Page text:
Humour as black as its inky cosmic backdrop pervades this outer-space dexterity test. The premise is that your spaceship is destroyed, leaving the crew alive but marooned in the void and with no prospect of rescue.
The heroic captain returns. Normally, this would signal a cunning plan, a swift rescue and a happy ending; that's not the case here, because his sole goal is to ensure everyone gets their last wish - to not die alone.
Each of the 60 levels in Sunburn! therefore finds the captain scooting about space, collecting up his scattered colleagues (and their space-faring cats and dogs, complete with dinky spacesuit garb) and flying into the sun.
Lost in space
Holding one side of the screen enables the captain to turn, and tapping both at once emits a small blast of oxygen from his jetpack's limited supply, propelling him onwards.
On venturing near a stranded comrade, they become attached as if by an oddly stretchy rubber-like tether, and once everyone's on board the Death Express, it's time for a one-way trip to Sunburnville.
Initially, the test is mild, with Sunburn! slowly introducing you to its tiny universes. You learn how to control your jetpack, and how to take off from tiny planetoids with atmospheres that helpfully replenish your limited oxygen supply.
You realise that you can't just zoom about like a maniac, because fuel is scarce, and you'll abruptly run out, freeze to death, and leave behind friends who'll consider you terribly selfish for not killing them as you expired.
Feel the heat
Soon, though, space becomes a mite trickier to deal with. You come across glass planets that can only be returned to a few times before they smash.
There are asteroids it's all too easy to bounce off in an uncontrollable manner. And then deadly comets and molten planetoids enter the mix, making things especially tricky if you're already towing a string of suicidal astronauts.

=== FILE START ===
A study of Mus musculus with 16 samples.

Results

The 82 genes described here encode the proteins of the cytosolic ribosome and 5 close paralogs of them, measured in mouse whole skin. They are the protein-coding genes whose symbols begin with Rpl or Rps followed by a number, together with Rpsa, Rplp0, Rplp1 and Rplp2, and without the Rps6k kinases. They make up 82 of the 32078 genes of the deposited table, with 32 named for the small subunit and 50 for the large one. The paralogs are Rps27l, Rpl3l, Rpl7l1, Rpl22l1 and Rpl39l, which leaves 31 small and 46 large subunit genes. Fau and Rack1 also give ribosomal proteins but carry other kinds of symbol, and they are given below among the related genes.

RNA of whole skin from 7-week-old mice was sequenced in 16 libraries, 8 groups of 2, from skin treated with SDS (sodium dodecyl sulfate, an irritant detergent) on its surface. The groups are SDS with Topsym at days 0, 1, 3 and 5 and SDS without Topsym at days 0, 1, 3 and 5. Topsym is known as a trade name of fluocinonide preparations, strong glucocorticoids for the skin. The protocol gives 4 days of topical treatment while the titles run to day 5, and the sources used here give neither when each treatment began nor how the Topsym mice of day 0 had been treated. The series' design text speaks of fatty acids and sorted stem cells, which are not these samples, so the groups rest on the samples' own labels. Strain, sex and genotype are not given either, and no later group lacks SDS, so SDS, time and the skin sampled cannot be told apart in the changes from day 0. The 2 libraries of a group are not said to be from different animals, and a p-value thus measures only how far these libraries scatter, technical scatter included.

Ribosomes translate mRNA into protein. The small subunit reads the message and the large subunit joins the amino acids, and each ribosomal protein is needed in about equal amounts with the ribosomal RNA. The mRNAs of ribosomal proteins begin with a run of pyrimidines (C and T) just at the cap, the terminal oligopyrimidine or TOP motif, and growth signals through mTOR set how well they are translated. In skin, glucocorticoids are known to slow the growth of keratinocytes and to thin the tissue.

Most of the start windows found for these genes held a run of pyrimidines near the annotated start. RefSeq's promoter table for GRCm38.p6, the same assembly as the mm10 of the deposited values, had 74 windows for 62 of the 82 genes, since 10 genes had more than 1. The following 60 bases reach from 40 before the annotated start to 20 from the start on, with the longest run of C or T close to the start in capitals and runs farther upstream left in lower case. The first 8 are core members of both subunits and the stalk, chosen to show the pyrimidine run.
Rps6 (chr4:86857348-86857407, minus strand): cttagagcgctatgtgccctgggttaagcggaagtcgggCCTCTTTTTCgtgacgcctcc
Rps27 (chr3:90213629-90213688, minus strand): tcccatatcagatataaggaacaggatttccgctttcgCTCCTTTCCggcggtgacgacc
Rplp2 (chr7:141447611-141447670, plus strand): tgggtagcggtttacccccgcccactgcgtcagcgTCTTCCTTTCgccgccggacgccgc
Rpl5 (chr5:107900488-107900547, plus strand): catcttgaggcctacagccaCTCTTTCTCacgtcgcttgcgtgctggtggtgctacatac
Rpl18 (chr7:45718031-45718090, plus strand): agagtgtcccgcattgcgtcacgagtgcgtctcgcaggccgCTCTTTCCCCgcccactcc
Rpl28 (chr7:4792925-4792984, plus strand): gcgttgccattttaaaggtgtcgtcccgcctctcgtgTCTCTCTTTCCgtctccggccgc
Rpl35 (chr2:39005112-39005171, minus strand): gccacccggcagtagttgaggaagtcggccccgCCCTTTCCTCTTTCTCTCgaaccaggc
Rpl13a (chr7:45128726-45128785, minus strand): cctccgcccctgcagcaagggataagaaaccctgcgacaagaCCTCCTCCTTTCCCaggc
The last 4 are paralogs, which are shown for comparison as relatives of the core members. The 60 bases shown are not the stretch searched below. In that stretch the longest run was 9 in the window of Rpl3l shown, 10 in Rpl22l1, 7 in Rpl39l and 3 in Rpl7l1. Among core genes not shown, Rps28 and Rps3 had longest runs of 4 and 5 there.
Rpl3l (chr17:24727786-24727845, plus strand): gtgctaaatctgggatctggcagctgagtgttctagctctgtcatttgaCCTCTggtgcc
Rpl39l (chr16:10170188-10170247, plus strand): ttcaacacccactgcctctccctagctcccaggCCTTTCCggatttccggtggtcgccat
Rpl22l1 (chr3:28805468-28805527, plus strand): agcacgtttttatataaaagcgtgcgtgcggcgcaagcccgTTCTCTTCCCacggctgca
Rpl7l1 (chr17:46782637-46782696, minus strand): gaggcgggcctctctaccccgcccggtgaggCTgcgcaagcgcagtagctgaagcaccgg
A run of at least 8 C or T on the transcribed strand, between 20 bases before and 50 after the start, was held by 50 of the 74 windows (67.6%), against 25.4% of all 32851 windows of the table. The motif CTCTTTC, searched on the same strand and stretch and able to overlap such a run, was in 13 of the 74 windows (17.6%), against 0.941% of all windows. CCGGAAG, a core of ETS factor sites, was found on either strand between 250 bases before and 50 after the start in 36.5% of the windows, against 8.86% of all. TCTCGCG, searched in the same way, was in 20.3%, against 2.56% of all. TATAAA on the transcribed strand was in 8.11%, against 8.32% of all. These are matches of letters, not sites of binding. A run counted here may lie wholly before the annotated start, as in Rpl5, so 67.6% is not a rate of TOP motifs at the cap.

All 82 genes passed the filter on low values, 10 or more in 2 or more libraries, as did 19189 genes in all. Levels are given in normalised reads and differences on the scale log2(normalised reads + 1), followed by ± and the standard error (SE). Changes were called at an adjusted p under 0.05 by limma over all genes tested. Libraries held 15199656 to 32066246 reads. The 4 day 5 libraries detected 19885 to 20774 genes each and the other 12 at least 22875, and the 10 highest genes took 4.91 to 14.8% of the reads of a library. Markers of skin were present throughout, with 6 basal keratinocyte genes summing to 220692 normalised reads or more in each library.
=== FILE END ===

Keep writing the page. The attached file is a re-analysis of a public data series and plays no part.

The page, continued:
Despite the various silly utterances of the presumably petrified (or perhaps just resigned) crew and the old-school pixel graphics, Sunburn! is a game brimming with atmosphere.
The moody, ambient soundtrack is punctuated only by blasts of intercom, and floating in space combines a sense of freedom with real fear as you see the oxygen level rapidly diminish.
The gravity of the situation
Throughout, Sunburn! also has a curious sense of progression that's alien to much modern gaming, but key to many of the classic titles that its visuals evoke. Rather than a gradual difficulty curve, Sunburn! ebbs and flows.
One level might be surprisingly tricky, followed by another that gives you a bit of a breather. Mostly, this feels entirely suitable, and an interesting mirror to the central theme of being cast adrift in the unknown.
Sunburn! slips only as it reaches its conclusion. Around level 50, too many tasks become so testing that every sliver of grace is unceremoniously wrenched from the game. What was oddly beautiful, occasionally heartwarming and silly, and frequently bittersweet just becomes bitter.
You begin to curse the lack of navigational aids in larger levels, and vital seconds are robbed as you pinch-zoom the screen. You start to tire of the arduous slog Sunburn! becomes.
In the end, perhaps after two days battling Return of the Voidsnake (level 55) or Big Zipper (level 58), you'll quietly turn your back on the captain and his fellows - and they deserved better.